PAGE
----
It is time for another entry in the mailbag series where I answer feedback email from readers and others. If you want to send me a question, comment or any other kind of feedback, please do so using the contact info on the about page.
A common denialist tactic to spread fear, uncertainty and doubt about some scientific model or medical discovery is to attack the scientific mainstream explanation. This is typically done by either portraying scientists and doctors as evil, denigrate the scientific community as a whole or distract from the independently converging evidence by pointing to a few scientists that might disagree either with the entire model or some minor detail.
“Not all scientists agree!” is their call to arms, but they forget that there will always be disagreements in science. What they are effectively doing is either (1) radically exaggerating some internal scientific debate about some minor detail as if the entire scientific model was under threat or (2) artificially inflating the importance of a small number of scientists, researchers or doctors who disagree with the mainstream scientific model.
This is a common tactic used in a wide range of pseudosciences and can even include protest lists. Creationists will put forward creationist biologists like Jonathan Wells or Georgia Purdom or misleadingly reference the debate between phyletic gradualists and proponents of punctuated equilibrium as if common descent was challenged. 9/11 truthers will cite the protest list from Architects and Engineers for 9/11 truth or point to researchers who mistakenly believe that they have found evidence that nano-thermite was used (despite the fact that it has very low density and thus take up way to much space and its high reactivity would likely not leave any traces). Anti-vaccine activists will point to quack doctors who falsely claim that vaccines are somehow exceedingly dangerous.
The general problem with this approach (called “false balance”) is that it entirely neglects the independent convergence of evidence for the mainstream scientific position and also artificially focus on a very small number of dissenters (that are not often experts in that particular field) while ignoring the broad consensus among working scientists. It is a form of cherry-picking on steroids.
Bill recently submitted a comment about his opinions on climate change on a totally unrelated article here at Debunking Denialism. It illustrates this tactic clearly. Let us see what he has to say:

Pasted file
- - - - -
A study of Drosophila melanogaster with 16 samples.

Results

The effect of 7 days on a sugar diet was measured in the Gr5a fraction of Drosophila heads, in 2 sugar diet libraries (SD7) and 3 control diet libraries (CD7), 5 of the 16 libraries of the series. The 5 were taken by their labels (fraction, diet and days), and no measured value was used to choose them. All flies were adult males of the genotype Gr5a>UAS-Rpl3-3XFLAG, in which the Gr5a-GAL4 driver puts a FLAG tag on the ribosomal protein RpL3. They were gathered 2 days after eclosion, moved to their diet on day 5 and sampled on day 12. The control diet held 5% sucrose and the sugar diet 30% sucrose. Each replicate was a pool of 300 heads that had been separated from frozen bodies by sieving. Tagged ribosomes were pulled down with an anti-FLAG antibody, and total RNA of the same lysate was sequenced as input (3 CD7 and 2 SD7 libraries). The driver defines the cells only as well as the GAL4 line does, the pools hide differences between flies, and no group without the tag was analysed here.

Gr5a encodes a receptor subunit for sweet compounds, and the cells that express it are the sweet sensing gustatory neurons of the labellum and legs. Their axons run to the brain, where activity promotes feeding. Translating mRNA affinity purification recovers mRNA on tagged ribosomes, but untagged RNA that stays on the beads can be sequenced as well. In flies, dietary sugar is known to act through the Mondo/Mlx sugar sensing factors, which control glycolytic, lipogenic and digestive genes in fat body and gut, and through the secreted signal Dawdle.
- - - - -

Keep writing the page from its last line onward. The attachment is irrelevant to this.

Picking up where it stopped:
The man caused rationale for climate change is questioned by a number of “lettered” scientists of repute. Have you presented fully their side of the debate, in the interest of scientific inquiry?
In this comment, Bill deploys the denialist tactic of false balance in a highly concentrated form. He tries to make it look like many highly qualified scientists reject the mainstream climate science position. He misrepresents the mainstream scientific position as “man caused” when it is primarily caused by humans and also other factors. He reframes the situation to make it appear as if climate deniers were merely “questioning” rather than spreading targeted misinformation and even threatening scientists. He makes it appear as if there are two equally legitimate position on climate change and that a serious debate exists. Finally, he questions the intellectual integrity of the person to which the comment was directed and tries to make it appear as if not giving science denial a platform is a threat to open and honest scientific inquiry.
However, it is as concentrated as it is misleading. There are not two equally legitimate sides when it comes to climate change. Between 90% and 100% of working climate scientists agree with the scientific consensus depending on which consensus study you look at. This is consistent across studies and has thus been replicated independently several times. Scientists have refuted several hundred claims made by climate deniers and continues to do so despite the fact that many climate deniers use extremely dishonest technique. Refusing to give a platform to tired claims that have been refuted thousands of times before is not a threat to open and honest scientific inquiry. Quite the opposite. Insisting that scientists attend to demonstrably false claims and refute them over and over is a threat to scientific research because it takes a lot of time away from doing actual research.
Climate deniers are not “questioning” the climate science. They are actively spreading dangerous misinformation, attack and libel scientists, and even commit crimes like illegal hacking. They also hardly ever accept the evidence that is presented, but instead prefer to just repeat their debunked canards over and over again to anyone who they think might listen. They also often have documented ties to the oil industry. This does not by itself mean that they are mistaken, but taken together with the other arguments, it makes their claims highly suspect, just like anti-vaccine activists who developed their own competing vaccine or alternative medicine quacks who fearmonger about “chemicals” and are also ready to sell you the magical cure to all of your alleged problems.
There are many resources available for those who want to learn more about the basics of climate science or why climate deniers are wrong. Skeptical Science works like Index to Creationist Claims in that they feature hundreds of pseudoscientific arguments and scientific refutations. Demystifying Climate Models is a free recent and highly useful textbook on the subject that is very readable. For those that want more applied knowledge, check out this report on health effects of climate change. For a brief overview of the scientific evidence, check out this book on evidence and causes.